Iron Woman Nina Berberova
Nina Berberova was a Russian novelist and short story writer, documentary and biographical researcher.
Pretty girl was born on July 26, 1901 in St. Petersburg. Her grandfather Ivan Berberov was a famous physician, who received his education in Paris. And her father was an assistant Minister. Her mother came from the family of Tver landlord Karaulov.
In 1919-1920 Berberova studied in Rostov-on-Don. Thanks to her first verses Nina entered the poetic circles of Petrograd.
In 1922 Berberova and her husband Vladislav Khodasevich left Russia. They lived in Germany and Czechoslovakia, and later in Italy. And in 1925 they settled in Paris. In France, she was honored as a Chevalier of the French Order of Arts and Letters. During the years she lived in Paris Nina wrote The Book of Happiness, the most autobiographical of her novels.
In 1932 Berberova divorced her husband.
During the war, she stayed in the German-occupied part of France. In 1947, she left her second husband, N. Makeev. Later, in 1954, Nina married pianist and teacher George Kochevitsky.
After World War II, Beberova moved to the United States (1950), where she taught at Yale, then at Princeton University.
In 1989, the writer visited the Soviet Union, met with the literary community in Moscow and Leningrad.
The Russian writer died on September 26, 1993 in Philadelphia.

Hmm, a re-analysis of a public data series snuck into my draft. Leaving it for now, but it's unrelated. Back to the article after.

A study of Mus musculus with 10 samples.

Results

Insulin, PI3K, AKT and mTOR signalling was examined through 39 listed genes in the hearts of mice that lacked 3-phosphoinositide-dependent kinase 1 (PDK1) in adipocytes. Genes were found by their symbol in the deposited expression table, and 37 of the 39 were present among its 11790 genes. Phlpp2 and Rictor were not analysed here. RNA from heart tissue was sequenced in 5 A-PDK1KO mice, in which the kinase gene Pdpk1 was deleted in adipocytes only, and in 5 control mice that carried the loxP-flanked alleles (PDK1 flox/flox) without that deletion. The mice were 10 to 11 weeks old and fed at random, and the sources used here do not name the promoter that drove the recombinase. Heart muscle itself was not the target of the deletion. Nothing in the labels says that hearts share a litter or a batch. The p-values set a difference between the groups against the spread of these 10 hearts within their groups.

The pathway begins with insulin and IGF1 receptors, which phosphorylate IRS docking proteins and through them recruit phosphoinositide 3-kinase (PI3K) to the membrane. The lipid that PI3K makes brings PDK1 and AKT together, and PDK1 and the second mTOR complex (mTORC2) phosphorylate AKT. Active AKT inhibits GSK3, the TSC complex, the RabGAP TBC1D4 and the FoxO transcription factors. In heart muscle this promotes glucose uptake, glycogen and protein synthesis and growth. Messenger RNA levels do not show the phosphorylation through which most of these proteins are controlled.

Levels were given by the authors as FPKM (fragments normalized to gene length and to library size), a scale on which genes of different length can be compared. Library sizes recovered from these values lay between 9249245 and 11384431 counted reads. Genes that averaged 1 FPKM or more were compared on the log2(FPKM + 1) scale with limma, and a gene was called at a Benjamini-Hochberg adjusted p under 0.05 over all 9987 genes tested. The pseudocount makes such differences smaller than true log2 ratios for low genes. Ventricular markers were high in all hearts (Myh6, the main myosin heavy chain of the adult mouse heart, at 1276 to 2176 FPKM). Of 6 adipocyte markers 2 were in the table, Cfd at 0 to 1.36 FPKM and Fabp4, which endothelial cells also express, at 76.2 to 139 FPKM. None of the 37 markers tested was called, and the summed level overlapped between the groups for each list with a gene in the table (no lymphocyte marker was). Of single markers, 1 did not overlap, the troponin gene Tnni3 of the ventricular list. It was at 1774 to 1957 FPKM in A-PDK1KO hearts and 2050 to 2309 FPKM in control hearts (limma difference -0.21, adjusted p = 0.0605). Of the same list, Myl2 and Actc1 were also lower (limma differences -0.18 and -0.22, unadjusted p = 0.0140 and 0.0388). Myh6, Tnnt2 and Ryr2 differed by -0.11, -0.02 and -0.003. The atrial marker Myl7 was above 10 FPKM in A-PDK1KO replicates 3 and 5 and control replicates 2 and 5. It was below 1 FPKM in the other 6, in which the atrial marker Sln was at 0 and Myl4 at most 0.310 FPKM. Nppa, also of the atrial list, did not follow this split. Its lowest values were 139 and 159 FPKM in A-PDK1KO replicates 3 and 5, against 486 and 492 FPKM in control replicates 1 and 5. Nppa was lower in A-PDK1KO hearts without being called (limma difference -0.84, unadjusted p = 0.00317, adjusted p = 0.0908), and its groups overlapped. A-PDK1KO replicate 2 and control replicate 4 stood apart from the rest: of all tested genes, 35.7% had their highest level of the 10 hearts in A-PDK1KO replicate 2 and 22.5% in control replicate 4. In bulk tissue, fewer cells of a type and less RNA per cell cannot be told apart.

Nina was in correspondence with Bunin, Gippius, Merezhkovsky, Kuprin, Tsvetaeva and many other prominent Russian people. The letters are kept in the Yale University Library.
The square in the French town of Arles was named after the writer – Place Nina Berberova.
You know, Berberova published a series of short stories Biyankurskie Holidays (1928-1940), novels Last and First (1930), The Lady (1932), Without a Sunset (1938), Borodin (1938).
By the way, literary biography Tchaikovsky, The Story Of A Lonely Life, published in 1936, was very successful and was translated into many languages.
The autobiographical book Italics Are Mine was published in 1969 in English and in 1972 in Russian. To tell the truth, it was her main work. The book presents a panorama of the artistic and intellectual life of Russian emigration in the years between the two world wars. It contains important memoir evidence (in particular about Khodasevich), as well as an analysis of the works of writers of the Russian diaspora (G. Ivanov, Nabokov, and others).
Iron Lady, the biographical documentary about Baroness M. Budberg, was published in 1981. The life of Baroness M. Budberg was closely associated with M. Gorky, and then with G. Wells. Berberova created a vivid portrait of an adventurer belonging to the human type, which, from the author’s point of view, especially visibly revealed typical features of the 20th century: an exceptional woman in a ruthless time. The story ended with a description of Budberg’s trip to Moscow in 1960 to the disgraced Boris Pasternak.